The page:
Want To Curb Food Waste In Your Restaurant? Start Making More Cocktails
Imagine yourself as the executive pastry chef of a huge hotel. Every day is a flurry of activity. When you’re not ordering ingredients, you’re cooking with them. You get up at five in the morning every day. Your coworkers are the only people you ever see. If you have to throw out some mint before you can use it or waste some perfectly good orange peels, you’re probably not going to notice.
You might not even notice that those same ingredients could be used at, say, the bar.
But as food waste becomes a more and more pressing issue, simple communication problems like this are being paid attention to like never before. TripleSeat, a web-based event management software, helps track who’s using what where in a restaurant, replacing reams of spreadsheets. Latha Youngren, TripleSeat’s VP of Marketing, works closely with the event planners and sales managers who use their platform. Sustainability and food waste have unsurprisingly come up over and over in her recent conversations with them, and Latha thinks 2019 will only see an uptick in recycled materials, seasonal menus, and major brands like the B&B Hospitality Group growing their own herbs. But there are also tiny changes that can have a big impact on food waste, and ultimately the restaurant’s bottom line.
She thinks there’s a great opportunity here, especially for large restaurants: “The common thread [I’ve seen] is that there’s a little more open communication with all areas of the restaurant when everyone’s on the same page about being sustainably-minded…you can be more efficient in your ordering and produce less waste. One theme we’ve seen is mint. Mint is used in all three areas of a restaurant pretty predominantly. So why would the manager of each area be ordering mint separately? Waste could get produced if nobody’s ordering mojitos on Tuesday. Why don’t you just have one source for that?”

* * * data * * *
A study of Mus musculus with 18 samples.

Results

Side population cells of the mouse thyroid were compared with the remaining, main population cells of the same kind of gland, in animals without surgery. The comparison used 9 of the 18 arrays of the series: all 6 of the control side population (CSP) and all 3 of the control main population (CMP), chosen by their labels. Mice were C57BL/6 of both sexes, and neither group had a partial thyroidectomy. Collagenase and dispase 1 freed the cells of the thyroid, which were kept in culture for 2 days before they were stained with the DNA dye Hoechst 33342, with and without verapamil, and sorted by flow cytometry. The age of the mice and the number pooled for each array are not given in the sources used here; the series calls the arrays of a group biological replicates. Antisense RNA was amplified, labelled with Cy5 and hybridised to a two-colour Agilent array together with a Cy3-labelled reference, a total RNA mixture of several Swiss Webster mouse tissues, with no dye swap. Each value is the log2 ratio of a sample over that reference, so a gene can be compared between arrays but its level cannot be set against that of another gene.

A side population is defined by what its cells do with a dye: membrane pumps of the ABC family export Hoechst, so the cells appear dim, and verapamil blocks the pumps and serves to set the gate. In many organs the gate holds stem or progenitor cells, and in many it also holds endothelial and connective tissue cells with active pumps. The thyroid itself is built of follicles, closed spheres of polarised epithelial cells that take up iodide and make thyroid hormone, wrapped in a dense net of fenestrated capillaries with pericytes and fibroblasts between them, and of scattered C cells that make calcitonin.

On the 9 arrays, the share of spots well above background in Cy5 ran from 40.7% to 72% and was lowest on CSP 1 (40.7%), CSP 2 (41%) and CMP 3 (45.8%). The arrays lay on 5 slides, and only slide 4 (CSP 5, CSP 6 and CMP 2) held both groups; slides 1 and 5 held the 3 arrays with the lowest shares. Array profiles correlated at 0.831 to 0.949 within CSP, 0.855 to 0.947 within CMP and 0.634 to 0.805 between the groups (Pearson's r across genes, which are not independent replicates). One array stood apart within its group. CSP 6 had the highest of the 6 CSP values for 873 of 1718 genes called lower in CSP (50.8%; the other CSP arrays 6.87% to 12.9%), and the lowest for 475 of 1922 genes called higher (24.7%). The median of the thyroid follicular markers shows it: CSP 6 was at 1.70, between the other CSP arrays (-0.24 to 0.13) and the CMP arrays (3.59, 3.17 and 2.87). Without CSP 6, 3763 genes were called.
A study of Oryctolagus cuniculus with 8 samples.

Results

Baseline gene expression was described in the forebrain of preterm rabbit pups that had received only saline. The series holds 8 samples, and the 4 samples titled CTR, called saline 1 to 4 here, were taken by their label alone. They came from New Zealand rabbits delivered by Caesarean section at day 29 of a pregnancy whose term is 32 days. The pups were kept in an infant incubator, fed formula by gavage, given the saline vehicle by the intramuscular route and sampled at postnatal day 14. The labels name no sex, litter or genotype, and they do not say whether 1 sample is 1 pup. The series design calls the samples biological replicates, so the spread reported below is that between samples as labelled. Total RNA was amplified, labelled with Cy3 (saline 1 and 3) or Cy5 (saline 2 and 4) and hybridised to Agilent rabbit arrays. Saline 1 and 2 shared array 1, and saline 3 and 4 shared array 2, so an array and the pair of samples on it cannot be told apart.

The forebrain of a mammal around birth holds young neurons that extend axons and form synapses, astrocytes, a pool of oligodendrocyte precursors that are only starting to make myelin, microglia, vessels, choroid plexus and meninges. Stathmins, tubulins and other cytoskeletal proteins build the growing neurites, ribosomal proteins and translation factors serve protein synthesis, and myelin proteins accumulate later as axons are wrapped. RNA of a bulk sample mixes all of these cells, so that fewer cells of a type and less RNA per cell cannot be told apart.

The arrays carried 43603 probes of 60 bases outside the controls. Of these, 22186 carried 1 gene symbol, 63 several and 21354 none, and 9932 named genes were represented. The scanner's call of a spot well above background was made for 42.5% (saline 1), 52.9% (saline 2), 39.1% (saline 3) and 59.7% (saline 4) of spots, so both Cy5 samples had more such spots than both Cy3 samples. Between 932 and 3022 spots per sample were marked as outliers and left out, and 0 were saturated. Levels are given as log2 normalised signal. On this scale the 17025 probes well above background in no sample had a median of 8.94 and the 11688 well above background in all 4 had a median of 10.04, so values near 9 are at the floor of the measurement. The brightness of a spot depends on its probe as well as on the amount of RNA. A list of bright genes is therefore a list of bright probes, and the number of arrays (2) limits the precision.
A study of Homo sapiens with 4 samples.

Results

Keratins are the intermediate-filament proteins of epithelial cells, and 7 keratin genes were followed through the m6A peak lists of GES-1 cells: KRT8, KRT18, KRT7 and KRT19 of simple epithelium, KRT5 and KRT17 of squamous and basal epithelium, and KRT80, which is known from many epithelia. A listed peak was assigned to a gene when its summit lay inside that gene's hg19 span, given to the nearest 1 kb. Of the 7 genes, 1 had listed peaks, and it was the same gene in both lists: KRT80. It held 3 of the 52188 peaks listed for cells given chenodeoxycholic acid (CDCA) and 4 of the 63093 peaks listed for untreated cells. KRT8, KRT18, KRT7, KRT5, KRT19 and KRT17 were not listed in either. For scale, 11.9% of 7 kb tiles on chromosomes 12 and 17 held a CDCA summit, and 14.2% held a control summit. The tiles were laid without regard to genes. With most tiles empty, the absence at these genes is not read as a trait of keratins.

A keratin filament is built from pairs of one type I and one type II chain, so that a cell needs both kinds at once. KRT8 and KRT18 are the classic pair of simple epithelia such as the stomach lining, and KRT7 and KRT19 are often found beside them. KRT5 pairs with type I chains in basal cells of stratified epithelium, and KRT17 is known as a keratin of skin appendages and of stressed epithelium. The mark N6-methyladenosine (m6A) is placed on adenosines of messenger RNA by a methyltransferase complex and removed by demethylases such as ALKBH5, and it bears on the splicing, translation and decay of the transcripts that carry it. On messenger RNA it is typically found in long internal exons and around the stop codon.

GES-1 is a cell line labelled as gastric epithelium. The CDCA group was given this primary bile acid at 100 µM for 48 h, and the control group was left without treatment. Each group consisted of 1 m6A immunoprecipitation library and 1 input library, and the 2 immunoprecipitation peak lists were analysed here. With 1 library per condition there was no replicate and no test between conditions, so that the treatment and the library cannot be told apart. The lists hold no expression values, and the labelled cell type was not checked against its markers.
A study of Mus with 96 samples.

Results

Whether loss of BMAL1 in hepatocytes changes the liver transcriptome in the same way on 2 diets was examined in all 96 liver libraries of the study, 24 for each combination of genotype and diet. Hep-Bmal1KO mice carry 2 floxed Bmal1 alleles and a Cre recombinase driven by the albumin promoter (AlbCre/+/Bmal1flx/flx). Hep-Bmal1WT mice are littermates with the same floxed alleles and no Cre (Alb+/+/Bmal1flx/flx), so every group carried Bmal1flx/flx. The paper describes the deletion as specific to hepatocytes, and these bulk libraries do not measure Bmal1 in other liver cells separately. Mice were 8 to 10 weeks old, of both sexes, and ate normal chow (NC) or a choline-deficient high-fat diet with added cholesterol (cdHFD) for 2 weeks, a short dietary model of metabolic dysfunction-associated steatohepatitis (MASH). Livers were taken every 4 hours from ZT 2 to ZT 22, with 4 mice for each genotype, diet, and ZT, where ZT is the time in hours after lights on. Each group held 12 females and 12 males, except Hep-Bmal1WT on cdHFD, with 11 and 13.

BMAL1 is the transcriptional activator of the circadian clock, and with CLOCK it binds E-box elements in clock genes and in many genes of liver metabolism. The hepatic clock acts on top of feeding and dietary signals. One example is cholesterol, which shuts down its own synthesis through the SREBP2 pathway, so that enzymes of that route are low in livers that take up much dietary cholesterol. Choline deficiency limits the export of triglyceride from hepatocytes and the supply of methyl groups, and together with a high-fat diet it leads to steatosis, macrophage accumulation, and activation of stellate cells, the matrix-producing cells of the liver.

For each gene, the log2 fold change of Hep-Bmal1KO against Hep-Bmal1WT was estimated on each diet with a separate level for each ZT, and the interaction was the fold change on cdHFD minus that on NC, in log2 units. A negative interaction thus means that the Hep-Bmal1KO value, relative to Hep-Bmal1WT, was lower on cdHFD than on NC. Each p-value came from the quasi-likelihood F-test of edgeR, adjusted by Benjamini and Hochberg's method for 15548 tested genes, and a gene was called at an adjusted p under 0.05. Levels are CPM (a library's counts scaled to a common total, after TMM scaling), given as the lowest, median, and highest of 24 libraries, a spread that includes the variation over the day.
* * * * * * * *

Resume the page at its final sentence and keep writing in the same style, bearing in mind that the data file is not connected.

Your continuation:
This increased dialogue has also led to some pretty creative ideas. One of Latha’s customers is repurposing leftover marinara sauce in his Bloody Marys. Others are using bruised fruit for purees or pineapple tops for garnishes. At the Chicago restaurant brand Lettuce Entertain You, they’ve been using zested lemons that are too “unsightly” to be put on a plate or in a drink to make fresh citrus juice. Latha’s particularly excited that Weber Grill restaurants have been making cocktails using bourbon they infuse with, “the ends of oranges they cut for garnishes. They add a bunch of other items and dehydrate them to make a tea, and then the bourbon goes through that three to five times and it ends up becoming a house specialty Manhattan – which sounds super good, right?”